A documentary partly inspired by a Richmond author's book screens in Vancouver next week as part of the DOXA Documentary Film Festival.
The Light Bulb Conspiracy, written and directed by Cosima Dannoritzer of Spain, will make its Canadian premiere at the festival. Dannoritzer's 75-minute documentary explores why consumer products don't last, and the concept of planned obsolescence—the deliberate shortening of a product lifespan to boost consumer demand.
Richmond author Giles Slade served as one of the filmmaker's first points of reference. Slade wrote a book on the topic in 2006: Made To Break: Technology and Obsolescence in America.
In an e-mail, Dannoritzer said her idea of making the film dates to her childhood. She remembers her mother, in the 1970s, trying in vain to get spare parts for a broken appliance.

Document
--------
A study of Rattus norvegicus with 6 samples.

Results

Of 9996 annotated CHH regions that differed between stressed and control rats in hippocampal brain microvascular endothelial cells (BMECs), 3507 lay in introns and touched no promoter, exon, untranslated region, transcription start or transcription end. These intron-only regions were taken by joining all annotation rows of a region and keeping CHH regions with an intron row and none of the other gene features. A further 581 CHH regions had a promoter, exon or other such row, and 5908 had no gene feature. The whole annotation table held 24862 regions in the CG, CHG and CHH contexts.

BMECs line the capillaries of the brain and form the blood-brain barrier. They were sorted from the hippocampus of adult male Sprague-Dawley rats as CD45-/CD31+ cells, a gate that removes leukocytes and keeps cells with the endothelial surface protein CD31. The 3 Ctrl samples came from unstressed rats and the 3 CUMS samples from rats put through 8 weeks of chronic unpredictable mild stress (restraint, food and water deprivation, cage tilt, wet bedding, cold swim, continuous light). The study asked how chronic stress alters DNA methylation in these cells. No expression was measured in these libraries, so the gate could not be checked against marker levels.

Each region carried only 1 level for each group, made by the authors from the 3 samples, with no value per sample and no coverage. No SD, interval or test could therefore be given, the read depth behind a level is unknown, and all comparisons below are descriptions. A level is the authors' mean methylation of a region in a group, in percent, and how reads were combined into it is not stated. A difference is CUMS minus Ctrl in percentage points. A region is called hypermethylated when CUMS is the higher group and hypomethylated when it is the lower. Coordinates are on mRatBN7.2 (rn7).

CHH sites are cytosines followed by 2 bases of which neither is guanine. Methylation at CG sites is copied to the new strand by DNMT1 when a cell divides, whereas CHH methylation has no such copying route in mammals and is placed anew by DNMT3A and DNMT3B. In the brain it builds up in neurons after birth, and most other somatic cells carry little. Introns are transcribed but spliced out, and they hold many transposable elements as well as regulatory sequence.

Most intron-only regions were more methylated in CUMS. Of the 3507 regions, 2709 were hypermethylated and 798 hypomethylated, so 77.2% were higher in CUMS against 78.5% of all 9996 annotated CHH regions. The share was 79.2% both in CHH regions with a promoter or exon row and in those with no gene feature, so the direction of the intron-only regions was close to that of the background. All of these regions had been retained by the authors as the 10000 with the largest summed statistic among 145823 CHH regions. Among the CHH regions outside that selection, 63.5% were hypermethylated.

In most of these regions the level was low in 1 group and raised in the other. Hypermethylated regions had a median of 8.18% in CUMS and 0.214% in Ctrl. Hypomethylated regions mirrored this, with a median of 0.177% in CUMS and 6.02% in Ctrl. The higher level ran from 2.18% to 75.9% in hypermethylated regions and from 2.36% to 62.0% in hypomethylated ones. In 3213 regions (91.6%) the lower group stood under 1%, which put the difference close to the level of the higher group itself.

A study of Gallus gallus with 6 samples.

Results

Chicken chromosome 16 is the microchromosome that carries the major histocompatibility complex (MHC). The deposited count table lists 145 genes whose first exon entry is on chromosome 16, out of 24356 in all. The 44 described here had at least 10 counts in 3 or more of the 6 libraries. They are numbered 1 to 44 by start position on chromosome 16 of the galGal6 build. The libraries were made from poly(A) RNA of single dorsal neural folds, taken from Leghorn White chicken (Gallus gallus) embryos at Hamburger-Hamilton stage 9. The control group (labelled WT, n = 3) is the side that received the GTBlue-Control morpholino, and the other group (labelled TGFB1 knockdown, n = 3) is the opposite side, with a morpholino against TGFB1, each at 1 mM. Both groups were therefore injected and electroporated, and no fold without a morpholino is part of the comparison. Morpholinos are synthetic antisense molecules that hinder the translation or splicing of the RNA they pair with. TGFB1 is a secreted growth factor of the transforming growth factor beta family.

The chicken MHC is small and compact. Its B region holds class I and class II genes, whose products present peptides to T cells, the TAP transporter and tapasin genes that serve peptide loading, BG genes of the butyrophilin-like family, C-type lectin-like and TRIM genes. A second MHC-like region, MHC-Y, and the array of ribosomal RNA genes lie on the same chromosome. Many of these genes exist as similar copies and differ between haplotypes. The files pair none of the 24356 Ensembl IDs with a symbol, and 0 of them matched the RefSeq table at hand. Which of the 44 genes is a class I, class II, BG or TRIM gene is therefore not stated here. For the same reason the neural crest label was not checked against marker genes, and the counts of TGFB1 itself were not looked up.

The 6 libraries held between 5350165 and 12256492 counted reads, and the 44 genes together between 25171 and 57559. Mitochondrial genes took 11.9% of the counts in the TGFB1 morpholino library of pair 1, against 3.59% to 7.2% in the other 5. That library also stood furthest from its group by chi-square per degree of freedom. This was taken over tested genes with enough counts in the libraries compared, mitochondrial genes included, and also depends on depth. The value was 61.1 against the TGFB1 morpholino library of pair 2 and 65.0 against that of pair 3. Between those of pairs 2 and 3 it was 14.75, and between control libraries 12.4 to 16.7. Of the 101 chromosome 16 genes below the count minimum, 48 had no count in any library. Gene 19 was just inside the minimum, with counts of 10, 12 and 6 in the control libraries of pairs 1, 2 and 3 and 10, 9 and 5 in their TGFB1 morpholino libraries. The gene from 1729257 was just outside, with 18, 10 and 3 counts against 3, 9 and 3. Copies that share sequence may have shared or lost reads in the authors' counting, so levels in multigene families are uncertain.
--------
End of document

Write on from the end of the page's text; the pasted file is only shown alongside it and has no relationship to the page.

"That's when I heard the word 'planned obsolescence' for the first time. Then, a few years ago, I filmed a huge stack of discarded computers in a recycling plant and started wondering how broken they really were, and read all these crazy conspiracy theories about eternal light bulbs and everlasting cars on the Internet."
In 2007, she began probing deeper and interviewed Slade in New York for a few scenes in the documentary.
"Book and film have several things in common, but readers of the book can get new stories from the book which are not in the film, and get new stories from the film which are not in the book," said Dannoritzer.
The 2010 film centres on a plan among light bulb manufacturers to create short-lasting products in order to increase profits. The film also uncovers the story of an American fire station with an old-fashioned light bulb that's been working for decades and the quest of one man to fix a printer that others suggest he throws out.
The DOXA Documentary Film Festival runs from May 4 to 13, and features 72 documentary screenings in five different venues.
The Light Bulb Conspiracy screens noon Saturday, May 12 at Vancity Theatre, 1181 Seymour St., in Vancouver.
Tickets for single screenings are $12 each plus a one-time $3 membership. More information at doxafestival.ca or call 604-646-3200.